BENJ GALLANDER and BEN STADELMANN

Friday, January 12, 2007

In our last column, we reviewed Canadian stocks that were featured over the past year. Here is a reality check on those from south of the border.

In a recent article on forestry, we talked about how that sector seems to be in as bad a shape as airlines were in 2002. Our February airline column, which featured Air France American depositary receipts, then trading at $24 (U.S.), also made the point that a heavyweight with low expectations in a beleaguered arena is apt to outperform those corporations judged to be the class of the field — in this example, Southwest Airlines and WestJet.

That was then, but how about now? Southwest is stuck in a holding pattern: then trading at $16.42, it's now $16.15 for a small loss. WestJet has done much better, climbing from $10.89 to $14.60 for a tidy 34 percent gain. But Air France has trounced its youthful rivals, currently flying at $44.65, for a blazing 86 percent increase.

Also last February, we looked in on the U.S. funeral business. Service Corp. International was trading at $8, much improved from where it used to be, but still in the process of shaking off legal troubles. Competitor Stewart Enterprises which we also own, was trading at $5.12 and recovering from damage inflicted by Hurricane Katrina on its operations in the southern United States.

Since then, Stewart has clawed its way back up to $6.38, but Service has been the big surprise, buying out Alderwoods for $856 million. This has made us a bit nervous, as Service got into a heap of trouble a few years ago by expanding too fast and taking on too much debt. However, given that competition in this field has diminished over the years, this move will likely improve margins. Investors have been upbeat, sending the stock up to a lively $10.68. It still has a way to go, though, to hit our target of $13.84.

In April, we examined Sea Containers, a favourite holding of value investor Irwin Michael of ABC funds. Though we have tremendous respect for Mr. Michael, and agree with his point about buying assets at a large discount to book value, we had grave doubts about this one. Instead of turning around, the company appeared to be sinking fast. In fact, one of us tried to short it at $6.50, but was unable to borrow shares. That s a shame because, as anticipated, the debtholders torpedoed the corporation, forcing it into bankruptcy. It now trading on the pink sheets at $1.30 a share.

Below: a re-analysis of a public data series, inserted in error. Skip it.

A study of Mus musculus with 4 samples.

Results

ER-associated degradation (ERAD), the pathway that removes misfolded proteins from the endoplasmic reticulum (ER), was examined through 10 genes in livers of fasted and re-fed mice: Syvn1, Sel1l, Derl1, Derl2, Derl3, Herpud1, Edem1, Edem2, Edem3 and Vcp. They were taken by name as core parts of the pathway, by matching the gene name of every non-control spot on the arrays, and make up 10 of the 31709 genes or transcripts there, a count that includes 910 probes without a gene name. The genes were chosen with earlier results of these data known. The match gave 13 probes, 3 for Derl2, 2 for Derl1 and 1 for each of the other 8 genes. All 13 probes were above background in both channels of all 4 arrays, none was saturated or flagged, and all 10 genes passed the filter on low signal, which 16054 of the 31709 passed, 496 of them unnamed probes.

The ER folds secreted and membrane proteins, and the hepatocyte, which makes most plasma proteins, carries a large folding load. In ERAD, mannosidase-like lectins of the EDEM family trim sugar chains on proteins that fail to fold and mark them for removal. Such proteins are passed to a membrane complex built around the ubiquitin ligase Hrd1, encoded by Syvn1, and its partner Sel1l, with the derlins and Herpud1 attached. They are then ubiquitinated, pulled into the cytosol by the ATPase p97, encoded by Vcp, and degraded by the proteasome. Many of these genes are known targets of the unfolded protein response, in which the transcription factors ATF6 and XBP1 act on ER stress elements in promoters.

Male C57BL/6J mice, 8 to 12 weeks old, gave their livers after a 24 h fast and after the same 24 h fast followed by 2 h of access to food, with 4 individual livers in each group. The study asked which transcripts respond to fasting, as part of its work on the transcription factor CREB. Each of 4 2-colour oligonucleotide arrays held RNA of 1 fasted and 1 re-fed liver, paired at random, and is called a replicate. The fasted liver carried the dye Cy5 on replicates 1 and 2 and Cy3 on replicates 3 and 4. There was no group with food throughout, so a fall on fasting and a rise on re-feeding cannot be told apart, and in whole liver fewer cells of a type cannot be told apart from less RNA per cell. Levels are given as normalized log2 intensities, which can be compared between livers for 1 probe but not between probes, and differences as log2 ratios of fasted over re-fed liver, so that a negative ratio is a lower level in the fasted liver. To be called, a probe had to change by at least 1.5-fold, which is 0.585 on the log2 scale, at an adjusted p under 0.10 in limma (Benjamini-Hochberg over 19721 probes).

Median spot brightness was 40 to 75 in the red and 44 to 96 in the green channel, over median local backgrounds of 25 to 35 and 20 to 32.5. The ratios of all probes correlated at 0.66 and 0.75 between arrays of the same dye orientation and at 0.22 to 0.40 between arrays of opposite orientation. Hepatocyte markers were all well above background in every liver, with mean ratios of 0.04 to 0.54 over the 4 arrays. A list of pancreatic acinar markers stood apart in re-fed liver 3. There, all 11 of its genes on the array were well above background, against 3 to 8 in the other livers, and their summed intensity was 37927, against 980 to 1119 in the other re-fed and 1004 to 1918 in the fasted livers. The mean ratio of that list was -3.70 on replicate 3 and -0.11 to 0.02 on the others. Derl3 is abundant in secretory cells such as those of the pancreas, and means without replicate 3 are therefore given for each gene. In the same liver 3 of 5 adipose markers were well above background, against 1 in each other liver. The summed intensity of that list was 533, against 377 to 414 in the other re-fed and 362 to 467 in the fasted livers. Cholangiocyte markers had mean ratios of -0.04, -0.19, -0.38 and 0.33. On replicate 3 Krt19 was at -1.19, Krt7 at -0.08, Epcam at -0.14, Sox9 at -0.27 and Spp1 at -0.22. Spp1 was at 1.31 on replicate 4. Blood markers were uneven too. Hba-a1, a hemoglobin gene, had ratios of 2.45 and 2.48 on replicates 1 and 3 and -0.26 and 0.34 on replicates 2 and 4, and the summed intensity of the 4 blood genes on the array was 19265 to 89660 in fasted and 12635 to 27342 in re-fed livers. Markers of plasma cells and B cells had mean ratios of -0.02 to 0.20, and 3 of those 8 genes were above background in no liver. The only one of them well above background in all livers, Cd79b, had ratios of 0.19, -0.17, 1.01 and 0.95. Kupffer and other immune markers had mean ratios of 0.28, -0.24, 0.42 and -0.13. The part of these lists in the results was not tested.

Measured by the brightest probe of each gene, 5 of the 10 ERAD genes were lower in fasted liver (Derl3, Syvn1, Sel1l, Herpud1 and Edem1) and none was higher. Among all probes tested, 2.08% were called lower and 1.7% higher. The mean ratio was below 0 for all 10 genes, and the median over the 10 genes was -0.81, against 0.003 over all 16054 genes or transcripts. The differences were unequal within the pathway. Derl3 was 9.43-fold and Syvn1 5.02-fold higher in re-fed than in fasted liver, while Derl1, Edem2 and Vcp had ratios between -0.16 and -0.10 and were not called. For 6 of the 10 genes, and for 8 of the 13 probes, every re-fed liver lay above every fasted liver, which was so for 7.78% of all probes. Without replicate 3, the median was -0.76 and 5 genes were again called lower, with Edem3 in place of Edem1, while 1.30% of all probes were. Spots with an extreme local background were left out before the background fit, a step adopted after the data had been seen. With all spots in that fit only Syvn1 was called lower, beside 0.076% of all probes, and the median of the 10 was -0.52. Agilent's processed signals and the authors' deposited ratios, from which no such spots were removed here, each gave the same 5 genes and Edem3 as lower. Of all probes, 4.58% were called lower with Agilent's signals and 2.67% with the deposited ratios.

We all make mistakes. In fact, in May we hung out one of our own boneheaded moves, our investment in MRI manufacturer Fonar. Though the stock had crashed to 26 cents from our purchase price of $1.25, we stuck with it because the chief executive had just bought shares at 55 cents, and management told a sweet story about the stock getting back over a buck by year end. No dice. We finally pulled the plug and took the tax loss at 30 cents, not far from its current trading price of 28 cents.

Though we were early in calling a top in real estate, in June we gamely talked about it again, looking in particular at a couple of outfits that seemed vulnerable in our assessment, yet had garnered enormous interest from U.S. hedge funds. "Did these big players know something about the real estate cycle that had eluded us?" we asked ourselves.

Mall developer Mills Corp, then going for $28.65, was up for sale. No buyer was found, and this week Mills admitted that bankruptcy might be the only way out of its debt burden, sending the shares to $15.23. Frankly, we're amazed the fall hasn't been more severe, and reckon it is still a good short candidate, though obviously the timing could have been better earlier.

Finally, last summer we revisited Network Equipment, wondering if it was ready to put in a double bottom. After riding it from $3.65 to $11.74, where we sold three-quarters of our position, we held the remainder of our position right back down again. Though we considered buying more shares at its then trading price of $3.24, we were cautious and suggested that we needed to see another solid quarter of data before becoming convinced.

Those encouraging signs did show up in October, but by then the price had rallied to $5.03. By our own logic, it would have been a good buy at that point, but due to lethargy and our allergy to averaging up, we didn't. Ugh! The stock is now trading at $7.77. Oh well, we still have our shares, but we could have played this one a lot smarter.

Back in the real world, here are our actual results for the Contra portfolio for 2006. The return was 9.1 percent, not bad on an absolute basis, but the market indexes were nicely ahead. Our five-year annualized return now stands at 29.0 percent and the 10-year number is 23.4 percent.